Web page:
The default privacy settings and Facebook’s uses of personal data contravene German consumer law, a regional court has ruled.
In the latest of a long-running series of spats between the social media behemoth and Europe’s legal profession over privacy, a Berlin court upheld the complaints of litigator VZBV, a federation of German consumer organisations, that five of Facebook’s opt-ins do not meet the required standards for informed consent.
“Facebook hides default settings that are not privacy-friendly in its privacy centre and does not provide sufficient information about this when users register,” said Heiko Dünkel, litigation policy officer at VZBV.
For example, Facebook’s mobile app reveals its user’s location by default and the box allowing search engines to crawl a user’s timeline comes pre-ticked.
“In the privacy settings, ticks were already placed in boxes that allowed search engines to link to the user’s timeline,” said VZBV in a press release on its web site.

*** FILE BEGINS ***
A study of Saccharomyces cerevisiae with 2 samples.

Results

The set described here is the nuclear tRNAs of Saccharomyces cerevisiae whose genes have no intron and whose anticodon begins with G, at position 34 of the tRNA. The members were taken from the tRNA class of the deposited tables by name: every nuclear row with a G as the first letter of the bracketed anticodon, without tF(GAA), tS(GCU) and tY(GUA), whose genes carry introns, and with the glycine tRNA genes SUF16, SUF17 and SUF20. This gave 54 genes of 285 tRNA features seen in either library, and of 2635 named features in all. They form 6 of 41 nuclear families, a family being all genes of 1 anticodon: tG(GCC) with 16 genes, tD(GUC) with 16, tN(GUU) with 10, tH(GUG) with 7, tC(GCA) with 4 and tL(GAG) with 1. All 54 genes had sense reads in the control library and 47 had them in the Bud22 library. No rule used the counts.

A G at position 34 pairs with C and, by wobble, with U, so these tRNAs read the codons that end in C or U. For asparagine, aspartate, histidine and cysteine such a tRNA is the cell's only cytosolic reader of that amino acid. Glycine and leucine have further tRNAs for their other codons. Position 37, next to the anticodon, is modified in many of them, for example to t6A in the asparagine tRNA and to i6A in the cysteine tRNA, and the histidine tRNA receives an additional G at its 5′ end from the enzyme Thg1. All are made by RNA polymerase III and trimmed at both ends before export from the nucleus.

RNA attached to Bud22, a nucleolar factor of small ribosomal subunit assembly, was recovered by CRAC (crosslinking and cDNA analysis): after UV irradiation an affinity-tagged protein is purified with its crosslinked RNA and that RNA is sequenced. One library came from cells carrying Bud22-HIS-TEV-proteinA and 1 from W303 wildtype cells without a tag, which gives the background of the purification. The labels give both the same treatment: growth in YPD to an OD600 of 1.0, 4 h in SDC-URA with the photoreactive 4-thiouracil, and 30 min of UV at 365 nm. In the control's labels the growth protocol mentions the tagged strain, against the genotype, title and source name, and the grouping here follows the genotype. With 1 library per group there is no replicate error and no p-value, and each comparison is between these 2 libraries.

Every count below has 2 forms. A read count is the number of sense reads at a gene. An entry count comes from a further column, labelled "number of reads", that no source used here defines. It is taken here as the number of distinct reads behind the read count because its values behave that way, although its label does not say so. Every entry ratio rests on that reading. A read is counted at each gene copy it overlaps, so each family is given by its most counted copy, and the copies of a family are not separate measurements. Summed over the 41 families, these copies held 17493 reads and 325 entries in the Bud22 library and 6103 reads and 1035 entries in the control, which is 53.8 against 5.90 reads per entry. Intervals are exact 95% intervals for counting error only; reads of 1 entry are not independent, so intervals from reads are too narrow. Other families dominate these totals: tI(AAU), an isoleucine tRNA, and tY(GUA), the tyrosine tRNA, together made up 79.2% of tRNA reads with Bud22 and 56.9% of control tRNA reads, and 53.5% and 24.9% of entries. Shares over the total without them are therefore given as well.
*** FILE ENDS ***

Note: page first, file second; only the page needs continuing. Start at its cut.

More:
“This meant that anyone could quickly and easily find personal Facebook profiles. The judges ruled that all five of the default settings on Facebook that VZBV complained about are invalid as declarations of consent. They said there was no guarantee that users would even know they were there.”
The court also ruled that Facebook’s terms granting it consent for the use of personal data are framed too broadly, with eight clauses found to be invalid.
“These included pre-formulated declarations of consent … which allowed Facebook to use the name and profile picture of users ‘for commercial, sponsored or related content’ and to transfer their data to the USA,” VZVB said.
“The judges made it clear that such pre-formulated declarations cannot constitute effective consent to the use of data.”
In addition, Facebook’s “real names” policy was deemed to be unlawful.
“Providers of online services must allow users to use their services anonymously, for example using a pseudonym,” the federation of consumer groups said.
However, a VZBV claim that Facebook is not really free because users pay with their personal data was rejected by the court.
Facebook has said it will appeal against all of the judgements.
“We are working hard to ensure that our guidelines are clear and easy to understand and that the services offered by Facebook are in full accordance with the law,” the company said in a statement.